Compensation issues push PCPs to move from practices
Money isn’t everything, but 35% of primary care physicians (PCPs) say it is the most important factor in changing practices.
The 2011 compensation survey conducted by physician recruiting group The Medicus Firm also showed that physician compensation generally stayed the same as last year. PCPs did not see the kind of across-the-board gains in income reported in 2010, when internists’ incomes rose by 14%.
Compensation was 50% more important to PCPs in evaluating a professional move than location or quality of practice, the most significant factors for residents and fellows.
“While many physicians don’t choose medicine for the money initially, they do want to be compensated fairly, considering the additional years of school and training invested. Physicians may be more susceptible to dissatisfaction if they do not feel they are paid what the market bears for their services,” according to Jim Stone, president and chief executive officer of Medicus.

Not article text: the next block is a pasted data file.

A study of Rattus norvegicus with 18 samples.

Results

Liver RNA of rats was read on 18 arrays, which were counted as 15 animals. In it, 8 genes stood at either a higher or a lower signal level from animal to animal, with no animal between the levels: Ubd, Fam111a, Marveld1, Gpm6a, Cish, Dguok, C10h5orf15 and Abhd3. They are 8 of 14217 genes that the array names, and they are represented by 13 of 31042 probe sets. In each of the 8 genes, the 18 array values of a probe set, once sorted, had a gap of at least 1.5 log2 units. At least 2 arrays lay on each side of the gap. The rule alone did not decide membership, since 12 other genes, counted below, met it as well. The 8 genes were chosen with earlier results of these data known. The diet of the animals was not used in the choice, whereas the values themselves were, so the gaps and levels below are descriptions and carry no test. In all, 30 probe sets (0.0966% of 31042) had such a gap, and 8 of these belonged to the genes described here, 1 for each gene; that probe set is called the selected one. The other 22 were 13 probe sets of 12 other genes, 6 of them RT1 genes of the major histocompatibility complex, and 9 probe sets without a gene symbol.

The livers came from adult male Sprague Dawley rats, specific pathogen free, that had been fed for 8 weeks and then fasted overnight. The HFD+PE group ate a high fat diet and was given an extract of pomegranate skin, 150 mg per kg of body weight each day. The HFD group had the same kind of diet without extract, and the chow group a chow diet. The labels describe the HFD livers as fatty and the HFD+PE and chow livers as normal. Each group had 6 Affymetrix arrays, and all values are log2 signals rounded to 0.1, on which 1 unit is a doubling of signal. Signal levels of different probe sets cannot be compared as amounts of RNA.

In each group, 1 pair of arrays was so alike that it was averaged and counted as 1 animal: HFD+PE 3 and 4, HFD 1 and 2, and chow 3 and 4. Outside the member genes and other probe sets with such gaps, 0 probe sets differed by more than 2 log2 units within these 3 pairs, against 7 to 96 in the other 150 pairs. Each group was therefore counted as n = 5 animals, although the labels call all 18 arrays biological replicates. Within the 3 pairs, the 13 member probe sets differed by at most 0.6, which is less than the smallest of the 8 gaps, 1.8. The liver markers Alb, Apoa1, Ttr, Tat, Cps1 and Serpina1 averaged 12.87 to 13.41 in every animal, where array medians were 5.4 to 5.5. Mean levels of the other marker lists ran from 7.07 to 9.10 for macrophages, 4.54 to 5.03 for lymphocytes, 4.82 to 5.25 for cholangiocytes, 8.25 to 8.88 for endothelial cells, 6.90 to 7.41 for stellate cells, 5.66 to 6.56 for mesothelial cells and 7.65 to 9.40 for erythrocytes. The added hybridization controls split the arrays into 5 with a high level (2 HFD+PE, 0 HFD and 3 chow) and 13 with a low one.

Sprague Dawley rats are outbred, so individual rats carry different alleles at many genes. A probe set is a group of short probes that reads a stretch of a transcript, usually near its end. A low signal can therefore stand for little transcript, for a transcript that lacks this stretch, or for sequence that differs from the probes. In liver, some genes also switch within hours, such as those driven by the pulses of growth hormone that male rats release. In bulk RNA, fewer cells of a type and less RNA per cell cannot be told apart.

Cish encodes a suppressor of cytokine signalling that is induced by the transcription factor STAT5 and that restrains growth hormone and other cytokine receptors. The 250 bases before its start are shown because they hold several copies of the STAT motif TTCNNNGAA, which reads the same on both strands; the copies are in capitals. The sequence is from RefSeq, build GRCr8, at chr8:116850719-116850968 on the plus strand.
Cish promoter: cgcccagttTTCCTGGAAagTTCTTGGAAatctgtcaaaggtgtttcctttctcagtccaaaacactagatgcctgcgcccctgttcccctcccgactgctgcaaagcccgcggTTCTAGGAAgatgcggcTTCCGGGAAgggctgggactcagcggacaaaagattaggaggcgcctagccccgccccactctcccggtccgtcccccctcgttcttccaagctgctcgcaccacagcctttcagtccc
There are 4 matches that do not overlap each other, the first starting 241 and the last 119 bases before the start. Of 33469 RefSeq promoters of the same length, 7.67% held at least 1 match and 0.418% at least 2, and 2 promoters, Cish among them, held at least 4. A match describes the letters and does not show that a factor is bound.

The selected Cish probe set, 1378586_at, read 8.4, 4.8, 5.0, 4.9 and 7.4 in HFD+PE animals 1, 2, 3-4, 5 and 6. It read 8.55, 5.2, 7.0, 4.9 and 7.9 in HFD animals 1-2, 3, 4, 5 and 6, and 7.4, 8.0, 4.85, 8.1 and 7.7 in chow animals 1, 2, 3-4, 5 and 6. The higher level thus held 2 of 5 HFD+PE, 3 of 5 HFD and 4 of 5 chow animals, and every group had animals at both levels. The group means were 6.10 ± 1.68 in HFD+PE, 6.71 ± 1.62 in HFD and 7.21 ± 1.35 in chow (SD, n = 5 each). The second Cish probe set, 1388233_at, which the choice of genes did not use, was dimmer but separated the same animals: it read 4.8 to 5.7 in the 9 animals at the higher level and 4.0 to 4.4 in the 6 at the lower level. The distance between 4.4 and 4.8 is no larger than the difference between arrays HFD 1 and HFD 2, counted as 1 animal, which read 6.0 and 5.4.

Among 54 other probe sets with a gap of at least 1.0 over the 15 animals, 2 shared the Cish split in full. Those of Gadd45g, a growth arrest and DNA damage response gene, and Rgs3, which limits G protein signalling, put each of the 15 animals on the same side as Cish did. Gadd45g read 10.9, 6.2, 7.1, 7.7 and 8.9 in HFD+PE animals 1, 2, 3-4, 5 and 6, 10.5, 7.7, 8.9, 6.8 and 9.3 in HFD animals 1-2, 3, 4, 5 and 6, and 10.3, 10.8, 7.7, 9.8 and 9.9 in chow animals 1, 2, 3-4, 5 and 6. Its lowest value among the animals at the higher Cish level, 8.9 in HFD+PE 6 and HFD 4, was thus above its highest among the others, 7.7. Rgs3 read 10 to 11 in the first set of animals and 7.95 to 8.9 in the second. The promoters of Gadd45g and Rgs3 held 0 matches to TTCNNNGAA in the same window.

Six percent of physicians said they were unhappy enough about compensation to consider leaving medicine entirely, according to the Medicus survey.
“The physician shortage has increased about 1% annually and is now 7% to 8% nationally” and expected to rise to 20% by 2025, says Richard Cooper, MD, professor at the Perleman School of Medicine at the University of Pennsylvania and senior author of a study on the physician shortage.
The shortage of PCPs is more acute, and projected to get worse as healthcare reform increases access to care. The American Association of Medical Colleges projects that the country will face a shortage of 46,000 PCPs by 2025.
Lori Heim, MD, board chairwoman of the American Academy of Family Physicians, recommends that Congress address the need to increase the number of PCPs by reducing the payment differential between primary care and specialists and investing in primary care medical education.